While there are several tax reasons to consider a trust for current and future planning, sometimes the best reasons to set up a trust now or in a will have nothing to do with tax. Three excellent reasons to use a trust? Matrimonial issues, protecting children and wealth preservation.

• Trusts can be an effective way to alleviate the impact of matrimonial rights on assets. An interest in a trust, especially a discretionary trust, is a different, and almost certainly lesser property right than absolute ownership. A trust can better protect a child’s inheritance from matrimonial claims as opposed to an outright gift. Trust assets are segregated from the child’s other assets, keeping them from being inadvertently mixed up with jointly-owned or matrimonial assets. Also, a trust can help preserve the exclusion of income and growth on inherited or gifted property from sharing on marriage breakdown or death.

• When planning for minor children under a will, trusts are the preferred choice since without a trust, property inherited outright by a minor must be paid into court and is paid to the child upon reaching the age of majority (18 in Ontario) unless there is a legal guardian for the child appointed by the court who can hold and manage the funds. A trust under a will can protect a child’s inheritance until the child is of a financially mature age to receive it, and allow management by trustees who can invest and distribute income and/or capital for the child’s benefit. It can also ensure succession of capital on the child’s death to his or her own children. Each trust can be tailored to meet a child’s specific needs and the aspirations of the person establishing the trust.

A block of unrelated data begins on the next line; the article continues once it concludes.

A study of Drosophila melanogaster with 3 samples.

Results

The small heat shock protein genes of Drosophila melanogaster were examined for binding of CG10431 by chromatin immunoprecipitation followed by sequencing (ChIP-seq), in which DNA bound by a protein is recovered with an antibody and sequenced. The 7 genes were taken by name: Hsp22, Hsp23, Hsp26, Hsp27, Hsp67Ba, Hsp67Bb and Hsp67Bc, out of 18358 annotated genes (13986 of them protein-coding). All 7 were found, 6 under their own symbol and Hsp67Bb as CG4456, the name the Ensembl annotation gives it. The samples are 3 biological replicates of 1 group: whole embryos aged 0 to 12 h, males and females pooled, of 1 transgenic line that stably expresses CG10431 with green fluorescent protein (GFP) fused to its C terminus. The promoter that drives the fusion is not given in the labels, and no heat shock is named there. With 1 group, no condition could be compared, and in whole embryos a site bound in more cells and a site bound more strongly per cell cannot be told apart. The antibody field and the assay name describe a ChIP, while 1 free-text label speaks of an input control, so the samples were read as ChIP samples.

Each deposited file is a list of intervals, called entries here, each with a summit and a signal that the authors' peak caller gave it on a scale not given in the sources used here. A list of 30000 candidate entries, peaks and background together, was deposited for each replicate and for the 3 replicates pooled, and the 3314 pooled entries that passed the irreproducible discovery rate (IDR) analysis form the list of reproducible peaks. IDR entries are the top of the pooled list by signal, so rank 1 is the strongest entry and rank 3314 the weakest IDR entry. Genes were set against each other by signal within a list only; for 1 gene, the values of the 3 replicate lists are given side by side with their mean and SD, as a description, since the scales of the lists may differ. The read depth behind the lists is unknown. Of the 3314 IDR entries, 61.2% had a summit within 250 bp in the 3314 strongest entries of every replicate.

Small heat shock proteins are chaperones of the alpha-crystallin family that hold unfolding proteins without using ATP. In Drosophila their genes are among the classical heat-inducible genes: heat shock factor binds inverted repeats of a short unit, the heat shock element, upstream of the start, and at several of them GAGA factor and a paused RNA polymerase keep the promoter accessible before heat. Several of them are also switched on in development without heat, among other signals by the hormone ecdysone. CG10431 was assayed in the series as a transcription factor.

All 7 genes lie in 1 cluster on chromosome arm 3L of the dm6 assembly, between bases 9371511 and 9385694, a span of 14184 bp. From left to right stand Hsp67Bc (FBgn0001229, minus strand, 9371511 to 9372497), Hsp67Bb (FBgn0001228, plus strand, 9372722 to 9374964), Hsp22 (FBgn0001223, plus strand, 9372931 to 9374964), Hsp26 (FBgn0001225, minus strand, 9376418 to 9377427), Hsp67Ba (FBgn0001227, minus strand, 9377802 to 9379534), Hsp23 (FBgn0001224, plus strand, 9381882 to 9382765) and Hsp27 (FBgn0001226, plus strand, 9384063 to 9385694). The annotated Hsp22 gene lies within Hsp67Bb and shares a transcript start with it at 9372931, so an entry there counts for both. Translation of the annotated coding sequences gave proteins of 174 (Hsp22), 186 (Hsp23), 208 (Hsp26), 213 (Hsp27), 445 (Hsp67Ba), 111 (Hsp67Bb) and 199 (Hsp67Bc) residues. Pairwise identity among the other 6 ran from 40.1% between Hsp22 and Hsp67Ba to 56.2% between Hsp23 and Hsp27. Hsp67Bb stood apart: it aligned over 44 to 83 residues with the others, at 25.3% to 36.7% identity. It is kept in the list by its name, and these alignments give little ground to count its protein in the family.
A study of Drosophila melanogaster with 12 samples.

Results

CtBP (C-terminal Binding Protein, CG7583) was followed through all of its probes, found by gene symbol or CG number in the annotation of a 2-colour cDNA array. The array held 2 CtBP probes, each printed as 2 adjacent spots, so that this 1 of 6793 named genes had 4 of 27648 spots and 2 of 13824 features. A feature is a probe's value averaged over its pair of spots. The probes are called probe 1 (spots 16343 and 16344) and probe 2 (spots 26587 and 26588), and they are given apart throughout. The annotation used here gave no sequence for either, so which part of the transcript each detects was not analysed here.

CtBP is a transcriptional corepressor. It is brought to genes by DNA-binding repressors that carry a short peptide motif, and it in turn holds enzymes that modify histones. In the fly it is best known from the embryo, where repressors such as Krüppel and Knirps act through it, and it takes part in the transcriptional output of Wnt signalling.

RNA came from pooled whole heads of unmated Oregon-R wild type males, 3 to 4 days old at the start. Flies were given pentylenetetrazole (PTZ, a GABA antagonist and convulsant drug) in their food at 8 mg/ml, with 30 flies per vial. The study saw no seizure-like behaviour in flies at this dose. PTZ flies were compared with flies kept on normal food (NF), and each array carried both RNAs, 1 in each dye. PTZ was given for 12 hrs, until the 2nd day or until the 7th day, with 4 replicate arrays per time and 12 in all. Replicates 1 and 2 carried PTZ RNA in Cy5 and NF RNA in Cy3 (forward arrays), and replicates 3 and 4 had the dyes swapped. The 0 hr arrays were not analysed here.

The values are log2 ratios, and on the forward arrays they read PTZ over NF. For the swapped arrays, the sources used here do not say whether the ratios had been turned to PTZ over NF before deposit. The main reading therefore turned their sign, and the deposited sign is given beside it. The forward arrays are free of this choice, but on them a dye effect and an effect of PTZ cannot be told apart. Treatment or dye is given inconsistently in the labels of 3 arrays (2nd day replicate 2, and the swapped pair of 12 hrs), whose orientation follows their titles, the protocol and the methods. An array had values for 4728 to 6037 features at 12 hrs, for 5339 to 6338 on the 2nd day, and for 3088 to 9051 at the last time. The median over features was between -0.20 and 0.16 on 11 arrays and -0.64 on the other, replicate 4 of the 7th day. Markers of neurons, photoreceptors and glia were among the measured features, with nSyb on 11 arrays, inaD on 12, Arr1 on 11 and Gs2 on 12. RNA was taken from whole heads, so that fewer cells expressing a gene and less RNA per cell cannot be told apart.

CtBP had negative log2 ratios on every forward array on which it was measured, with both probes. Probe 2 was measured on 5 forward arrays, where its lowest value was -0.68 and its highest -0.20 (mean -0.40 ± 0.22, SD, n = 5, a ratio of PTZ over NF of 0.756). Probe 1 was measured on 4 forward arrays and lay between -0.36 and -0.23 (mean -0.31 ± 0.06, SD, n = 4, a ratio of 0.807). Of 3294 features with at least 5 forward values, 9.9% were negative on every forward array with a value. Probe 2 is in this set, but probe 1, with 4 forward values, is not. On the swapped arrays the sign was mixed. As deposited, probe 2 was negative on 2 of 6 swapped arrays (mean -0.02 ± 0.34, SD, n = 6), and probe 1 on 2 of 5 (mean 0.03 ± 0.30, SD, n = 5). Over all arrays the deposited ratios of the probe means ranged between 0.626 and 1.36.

Wealth preservation is another goal that can be met by using a trust. Once one has built up wealth, a trust can allow for the needs of current beneficiaries while preserving capital for future generations. Trusts also help protect against future claims such as for professional and director’s liability, as an alternative to direct ownership. Financially astute trustees can help preserve capital for the long-term, maximize income and minimize expenses, adding to everyone’s peace of mind.

Trusts are not just tax minimization tools. There are many reasons to consider a trust now or as part of a will on death. A trust can be used to accomplish a variety of wealth preservation and protection goals, in addition to the common tax-motivated ones of income-splitting, probate fee and capital gains and other tax minimization.

Our next blog – The accidental U.S. citizen and potential unknown exposure to U.S. estate tax.

Susannah Roth

The comments offered in this article are meant to be general in nature, are limited to the law of Ontario, Canada, and are not intended to provide legal advice on any individual situation. Before taking any action involving your individual situation, you should seek legal advice to ensure it is appropriate to your personal circumstances.